What does CNET Networks (NASDAQ:CNET) CEO Shelby Bonnie see that others are missing? His company is diving headfirst into the bandwidth-intensive delivery of music, video, photo, and software files when most content players are playing it safe and frugal by sticking to text.

I spoke to Bonnie earlier this week, and after discussing his company's December quarter results, we began to go over the company's growth overseas and how being a slow-yet-steady grower has its advantages.

Between ZOL and Fengniao.com, CNET is now an unlikely player in the booming Chinese market. What kind of growth are you expecting with those properties?

Bonnie argues that CNET is not an unlikely player at all. The company has been in China since 1996 and has 150 employees in Beijing. Because of the company's tech influence in product reviews and technology news it has established great relationships with the country's advertisers and actually publishes eight different magazines in China to go along with its venue of online sites.

Yet while Rule Breaker newsletter stock picks Shanda (NASDAQ:SNDA) and NetEase.com (NASDAQ:NTES) are booming by providing online games, CNET views its role as a reviewer of the various offerings. That allows it to play no matter who is winning -- and will no doubt attract the market leaders as sponsors.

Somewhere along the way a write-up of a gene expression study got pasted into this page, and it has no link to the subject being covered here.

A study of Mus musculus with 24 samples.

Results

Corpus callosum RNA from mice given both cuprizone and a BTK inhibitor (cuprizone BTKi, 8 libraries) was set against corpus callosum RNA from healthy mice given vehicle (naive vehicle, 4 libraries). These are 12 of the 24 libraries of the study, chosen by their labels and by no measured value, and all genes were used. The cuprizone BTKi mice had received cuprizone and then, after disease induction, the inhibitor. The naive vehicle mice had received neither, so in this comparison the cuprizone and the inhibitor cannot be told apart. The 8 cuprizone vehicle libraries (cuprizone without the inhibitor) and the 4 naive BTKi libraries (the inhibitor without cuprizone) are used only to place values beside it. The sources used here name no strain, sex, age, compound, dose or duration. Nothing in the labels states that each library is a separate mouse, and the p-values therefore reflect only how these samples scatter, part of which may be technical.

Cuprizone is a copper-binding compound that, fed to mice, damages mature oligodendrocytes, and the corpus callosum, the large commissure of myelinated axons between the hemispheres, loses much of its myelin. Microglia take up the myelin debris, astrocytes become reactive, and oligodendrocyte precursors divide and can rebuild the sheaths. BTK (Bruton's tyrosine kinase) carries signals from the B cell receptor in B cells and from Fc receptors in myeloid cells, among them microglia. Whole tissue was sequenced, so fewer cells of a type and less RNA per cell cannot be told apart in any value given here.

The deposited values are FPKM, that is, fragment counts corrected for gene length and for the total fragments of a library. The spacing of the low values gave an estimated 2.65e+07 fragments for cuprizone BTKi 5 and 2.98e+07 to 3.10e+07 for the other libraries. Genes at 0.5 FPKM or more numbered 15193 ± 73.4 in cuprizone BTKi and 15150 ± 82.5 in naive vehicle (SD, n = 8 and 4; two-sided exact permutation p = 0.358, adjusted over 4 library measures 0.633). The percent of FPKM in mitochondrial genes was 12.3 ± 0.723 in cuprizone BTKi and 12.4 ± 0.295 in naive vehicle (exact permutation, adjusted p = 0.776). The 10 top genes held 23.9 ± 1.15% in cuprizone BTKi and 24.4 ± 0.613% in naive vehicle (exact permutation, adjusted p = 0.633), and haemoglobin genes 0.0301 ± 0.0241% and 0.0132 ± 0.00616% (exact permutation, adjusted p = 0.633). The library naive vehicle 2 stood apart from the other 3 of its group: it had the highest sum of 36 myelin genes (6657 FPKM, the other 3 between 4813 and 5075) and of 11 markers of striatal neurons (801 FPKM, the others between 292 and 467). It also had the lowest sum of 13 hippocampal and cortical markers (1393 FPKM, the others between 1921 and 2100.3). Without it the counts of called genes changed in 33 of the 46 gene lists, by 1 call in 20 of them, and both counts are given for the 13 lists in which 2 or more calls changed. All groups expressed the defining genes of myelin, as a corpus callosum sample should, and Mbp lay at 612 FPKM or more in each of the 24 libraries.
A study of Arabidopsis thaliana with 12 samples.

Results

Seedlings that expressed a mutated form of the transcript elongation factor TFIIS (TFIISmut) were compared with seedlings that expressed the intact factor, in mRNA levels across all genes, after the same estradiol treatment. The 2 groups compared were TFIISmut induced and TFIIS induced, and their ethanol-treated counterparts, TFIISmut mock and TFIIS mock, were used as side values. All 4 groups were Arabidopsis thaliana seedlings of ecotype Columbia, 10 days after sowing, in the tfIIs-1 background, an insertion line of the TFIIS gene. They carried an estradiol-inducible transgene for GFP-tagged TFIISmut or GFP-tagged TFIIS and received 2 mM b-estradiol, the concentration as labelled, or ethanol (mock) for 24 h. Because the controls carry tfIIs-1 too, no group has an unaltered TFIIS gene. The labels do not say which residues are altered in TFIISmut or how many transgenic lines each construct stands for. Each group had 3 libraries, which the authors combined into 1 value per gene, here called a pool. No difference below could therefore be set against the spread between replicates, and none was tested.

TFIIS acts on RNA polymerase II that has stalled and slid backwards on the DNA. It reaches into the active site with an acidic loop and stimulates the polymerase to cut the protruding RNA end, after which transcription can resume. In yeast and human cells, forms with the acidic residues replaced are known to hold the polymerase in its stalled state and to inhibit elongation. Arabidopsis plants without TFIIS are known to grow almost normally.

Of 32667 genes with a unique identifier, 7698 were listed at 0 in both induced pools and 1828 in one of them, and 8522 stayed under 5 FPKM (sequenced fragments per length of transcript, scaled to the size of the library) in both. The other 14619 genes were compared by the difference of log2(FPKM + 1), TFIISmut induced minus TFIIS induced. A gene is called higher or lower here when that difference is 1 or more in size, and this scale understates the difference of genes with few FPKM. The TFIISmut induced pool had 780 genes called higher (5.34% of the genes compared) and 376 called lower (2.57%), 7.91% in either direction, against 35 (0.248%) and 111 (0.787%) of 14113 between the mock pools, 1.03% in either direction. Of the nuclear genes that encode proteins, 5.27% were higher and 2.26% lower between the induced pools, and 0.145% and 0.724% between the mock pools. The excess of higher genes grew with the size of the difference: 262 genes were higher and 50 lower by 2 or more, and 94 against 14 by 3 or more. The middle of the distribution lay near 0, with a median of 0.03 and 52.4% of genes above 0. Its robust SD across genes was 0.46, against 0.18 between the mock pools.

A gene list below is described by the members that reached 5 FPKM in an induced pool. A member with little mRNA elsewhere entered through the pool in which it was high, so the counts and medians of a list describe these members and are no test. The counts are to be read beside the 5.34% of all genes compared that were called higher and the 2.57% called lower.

Revenues are expected to grow by 17% to 22% in 2005 after growing by 18% in 2004. Many online companies are growing faster -- with many doing so organically. What would you tell a growth investor who feels that CNET should be going a little faster?

"We have -- over time -- told a consistent story of 20-25% growth rates," Bonnie says. "This isn't a market where you will see triple-digit growth in any given year. In the media business if you can deliver 20-25% growth that would be considered great."

CNET has advantages as a media company because differentiated content creates its own barrier to entry and it provides more steady, predictable long-term growth.

"We're pretty darn encouraged," Bonnie then says about the company's future prospects. "The online ad market is getting stronger, and there is a shift in advertising to online content sites. Broadband trends will favor content players now that there is the ability to deliver a strong branding message. We're feeling quite good."

With the stock more than tripling over the past two years, investors may be feeling pretty good too.

Longtime Fool contributor Rick Munarriz was one of the 250,000 musical artists who were sad to see the original MP3.com site go away when CNET took over, but he's giving Music.Download.com a chance. He does not own shares in any of the companies mentioned in this story. The Fool has a disclosure policy. He is also part of the Rule Breakers newsletter research team, seeking out tomorrow's ultimate growth stocks a day early.